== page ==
Sales pressure and seemingly amazing deals aside, selecting a PC or laptop tends to come down to two options: Core i5 or Core i7. These processors are distinctly different and understanding that difference means choosing the machine that is really right for you – regardless of how tempting that sales pitch may be. So, what is the difference between these processors and which one will suit your specific needs? In the end, it all comes down to the type of user you are. Let’s start with the pricier Core i7 processor:
The Core i7 Break Down
If you walk into any computer store and tell a sales person that your current system is too slow, you’ll be directed towards a system with a Core i7 processor – only, you might not need this system. Essentially, Core i7 processors are faster processors that are aimed at those who play a lot of games, watch lots of videos, and, generally, are multimedia enthusiasts. These processors also come with a bigger cache or memory, so this is something to consider if you need a system with lots of memory. A larger cache is also helpful if you plan on completing a number of tasks or multi-tasking. A Core i7 is the processor of choice for those users who need to get a lot of things done in a day all at once.
The Core i5 Break Down
You might have read all about the Core i7 and thought to yourself “hey, this processor sounds pretty great!” But, the Core i5 is not to be entirely disregarded and it might be more than enough process for you depending on the tasks that you will be completing in a day. While it’s true that a Core i5 process is not as fast as a Core i7, you might not need these fast speeds if you aren’t going to multi-task and you aren’t a multi-media enthusiast. For all intensive purposes, the Core i5 is a mid-range processor that many manufactures place in perfectly good systems. The Core i5 is much better than the Core i3 and it is a great all-around processor. In fact, Core i5 processors are more than adequate for most average computer users. Plan to surf the net and check your email? A Core i5 will get the job done at a fraction of the price.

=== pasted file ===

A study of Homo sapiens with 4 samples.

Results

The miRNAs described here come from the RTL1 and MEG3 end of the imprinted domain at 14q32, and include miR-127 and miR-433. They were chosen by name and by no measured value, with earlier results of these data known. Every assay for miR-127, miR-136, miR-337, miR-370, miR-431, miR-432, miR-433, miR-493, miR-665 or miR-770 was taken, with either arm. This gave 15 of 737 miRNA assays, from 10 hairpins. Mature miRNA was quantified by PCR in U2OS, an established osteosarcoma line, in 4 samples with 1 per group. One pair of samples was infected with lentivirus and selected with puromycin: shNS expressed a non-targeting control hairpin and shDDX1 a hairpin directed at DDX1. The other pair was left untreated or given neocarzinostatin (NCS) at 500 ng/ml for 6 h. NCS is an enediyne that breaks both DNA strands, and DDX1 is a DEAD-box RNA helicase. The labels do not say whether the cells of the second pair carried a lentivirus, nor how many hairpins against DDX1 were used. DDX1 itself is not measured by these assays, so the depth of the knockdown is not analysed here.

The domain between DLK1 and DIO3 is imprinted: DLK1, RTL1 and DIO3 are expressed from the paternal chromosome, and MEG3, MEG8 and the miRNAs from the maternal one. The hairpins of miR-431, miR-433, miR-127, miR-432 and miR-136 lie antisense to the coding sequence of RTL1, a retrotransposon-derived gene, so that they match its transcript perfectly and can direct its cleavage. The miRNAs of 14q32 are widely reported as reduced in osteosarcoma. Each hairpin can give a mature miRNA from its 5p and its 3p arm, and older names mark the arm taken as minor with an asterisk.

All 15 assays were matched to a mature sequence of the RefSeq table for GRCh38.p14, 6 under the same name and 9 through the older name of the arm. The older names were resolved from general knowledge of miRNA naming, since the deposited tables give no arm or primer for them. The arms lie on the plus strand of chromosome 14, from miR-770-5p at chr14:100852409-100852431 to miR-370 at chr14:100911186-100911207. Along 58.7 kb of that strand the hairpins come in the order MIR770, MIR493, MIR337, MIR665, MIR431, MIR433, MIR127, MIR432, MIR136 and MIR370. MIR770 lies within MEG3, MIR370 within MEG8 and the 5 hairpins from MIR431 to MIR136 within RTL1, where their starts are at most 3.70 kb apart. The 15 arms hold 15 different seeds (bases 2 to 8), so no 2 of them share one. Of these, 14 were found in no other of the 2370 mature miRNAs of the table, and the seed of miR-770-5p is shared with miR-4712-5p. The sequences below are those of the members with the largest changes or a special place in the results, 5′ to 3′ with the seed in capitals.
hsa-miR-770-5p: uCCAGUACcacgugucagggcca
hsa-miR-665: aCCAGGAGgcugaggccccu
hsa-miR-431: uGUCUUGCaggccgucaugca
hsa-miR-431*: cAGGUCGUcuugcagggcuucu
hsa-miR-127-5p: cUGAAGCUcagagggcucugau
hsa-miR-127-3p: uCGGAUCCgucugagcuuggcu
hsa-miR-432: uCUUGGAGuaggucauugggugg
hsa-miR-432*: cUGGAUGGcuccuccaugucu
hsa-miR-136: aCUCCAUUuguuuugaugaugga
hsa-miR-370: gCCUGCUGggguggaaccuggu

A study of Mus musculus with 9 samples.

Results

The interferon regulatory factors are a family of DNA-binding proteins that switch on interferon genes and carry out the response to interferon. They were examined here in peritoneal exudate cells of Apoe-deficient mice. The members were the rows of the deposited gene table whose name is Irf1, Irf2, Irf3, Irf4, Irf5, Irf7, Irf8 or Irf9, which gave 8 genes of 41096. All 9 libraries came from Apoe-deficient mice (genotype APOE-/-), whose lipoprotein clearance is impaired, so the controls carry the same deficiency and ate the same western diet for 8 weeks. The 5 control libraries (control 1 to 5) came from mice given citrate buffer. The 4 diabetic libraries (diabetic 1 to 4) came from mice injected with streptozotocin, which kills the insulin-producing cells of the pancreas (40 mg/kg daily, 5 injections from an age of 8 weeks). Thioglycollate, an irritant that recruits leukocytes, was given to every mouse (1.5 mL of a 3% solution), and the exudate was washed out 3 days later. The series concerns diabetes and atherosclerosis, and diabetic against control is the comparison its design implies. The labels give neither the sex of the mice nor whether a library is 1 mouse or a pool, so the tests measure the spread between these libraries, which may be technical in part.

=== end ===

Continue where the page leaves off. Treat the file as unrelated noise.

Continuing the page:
As mentioned, a system with a Core i7 process will be more expensive than a system with a Core i5 process. This is simply due to the fact that a faster process is more expensive. How much more expensive? While the cost will depend on the actual system that you purchase, you can expect to pay $100-$200 more for a system with a Core i7 – something to seriously consider if you don’t actually need that extra power and speed. So, should you purchase a system with a Core i7 or a Core i5? If you want the best system available and don’t mind paying for it, go for the Core i7. On the other hand, if you just want a system that you can use every day casually, don’t let a sales person talk you into that i7.